Agnes Etherington Art Centre welcomes a fourth Rembrandt

New artwork contribution honours the late Alfred Bader

In early May, the Agnes Etherington Art Centre revealed a new Rembrandt painting as part of the Bader Collection.

On Friday, May 3, the Agnes Etherington Art Centre revealed a new painting to the public, Head of an Old Man with Curly Hair. 

 

Photo by Tessa Warburton.

Painted in 1659 by Rembrandt, the painting was donated by Daniel Bader and his wife Linda to honour Daniel’s late father, Alfred Bader. 

For decades before his December 2018 passing, Alfred Bader was a patron of the arts at Queen’s, donating three other Rembrandt works to the Agnes—including Portrait of a Man with Arms Akimbo, Head of a Man in a Turban, and Head of an Old Man in a Cap

According to Jan Allen, Agnes director, Alfred gave his son the painting in 2001 because it was Daniel’s favourite. Daniel gave the painting to the Agnes in April 2019, but it was framed and hung for display to public audiences at the start of May. 

The piece was painted at the end of Rembrandt’s life and at the peak of his career. 

The old man in the painting is unknown, but Allen explained it’s believed he may have been the subject of a character study—the practice of depicting the same figure repeatedly to reveal characteristics and personality.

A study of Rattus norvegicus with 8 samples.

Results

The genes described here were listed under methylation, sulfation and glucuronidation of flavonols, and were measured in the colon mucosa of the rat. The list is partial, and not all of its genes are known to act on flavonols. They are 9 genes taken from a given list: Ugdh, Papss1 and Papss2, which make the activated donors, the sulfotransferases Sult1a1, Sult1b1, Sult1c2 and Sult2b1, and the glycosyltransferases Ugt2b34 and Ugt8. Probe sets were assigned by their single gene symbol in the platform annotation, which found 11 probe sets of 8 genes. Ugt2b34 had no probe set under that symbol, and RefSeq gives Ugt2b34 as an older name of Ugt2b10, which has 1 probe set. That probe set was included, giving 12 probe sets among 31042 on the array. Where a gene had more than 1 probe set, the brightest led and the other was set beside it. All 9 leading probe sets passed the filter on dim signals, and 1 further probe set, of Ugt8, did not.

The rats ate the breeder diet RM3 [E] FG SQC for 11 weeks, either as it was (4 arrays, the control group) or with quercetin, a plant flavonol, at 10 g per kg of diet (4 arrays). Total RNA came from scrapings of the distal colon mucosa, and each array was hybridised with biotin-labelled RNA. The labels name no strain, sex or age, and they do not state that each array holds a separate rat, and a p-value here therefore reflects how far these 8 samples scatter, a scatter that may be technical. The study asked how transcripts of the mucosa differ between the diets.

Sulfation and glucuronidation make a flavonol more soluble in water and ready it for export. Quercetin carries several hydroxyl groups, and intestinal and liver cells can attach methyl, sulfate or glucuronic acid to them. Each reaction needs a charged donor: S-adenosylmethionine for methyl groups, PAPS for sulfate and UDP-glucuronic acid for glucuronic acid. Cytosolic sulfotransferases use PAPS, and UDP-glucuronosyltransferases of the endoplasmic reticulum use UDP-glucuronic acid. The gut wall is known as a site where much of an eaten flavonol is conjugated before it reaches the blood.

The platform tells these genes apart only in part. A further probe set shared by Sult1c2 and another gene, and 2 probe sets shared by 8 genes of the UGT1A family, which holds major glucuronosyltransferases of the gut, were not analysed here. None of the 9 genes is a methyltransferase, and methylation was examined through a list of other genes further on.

This subject looks similar to many of the male saints that appear in other Rembrandt paintings, so he may have been the model of multiple works, says Allen. 

In this piece, the brush strokes are blurred, revealing the realistic depiction of the man from a distance. Allen referred to this technique as quick motion painting, contributing to the fluidity of the piece. 

The blurred effect gives the piece an air of mystery. The subject gazes into the viewer’s eyes, similar to the subject in Portrait of a Man with Arms Akimbo. 

Its technical aspects are similar to many of his other works, but the most notable characteristics of this painting are the result of techniques adopted by Rembrandt later in his career. 

The attribute of the donated piece that stands out the most is the person it honours.  

The patronage pays homage to the generosity of Alfred Bader throughout the years. His son’s donation will hang in the Agnes indefinitely. “We have no plans to move it,” Allen told The Journal. 

The painting’s place on the Agnes’s wall holds a personal significance for the community, says Allen. Beside the framed piece is large text explaining Alfred and Isabel Bader’s past contributions to the gallery. 

It refers to their generosity as having “a profound impact.” 

The significance of this acquisition reaches further than the Kingston community alone. As this year is the 350th anniversary of Rembrandt’s death, the homage is poignant.

For viewers who wish to see the piece, it’s hanging in the Bader Collection near the Rome, Capital of Painting exhibit. 

 The tribute will hang with its inscription, reminding viewers of the notable legacy Alfred left on the Kingston and Queen’s community.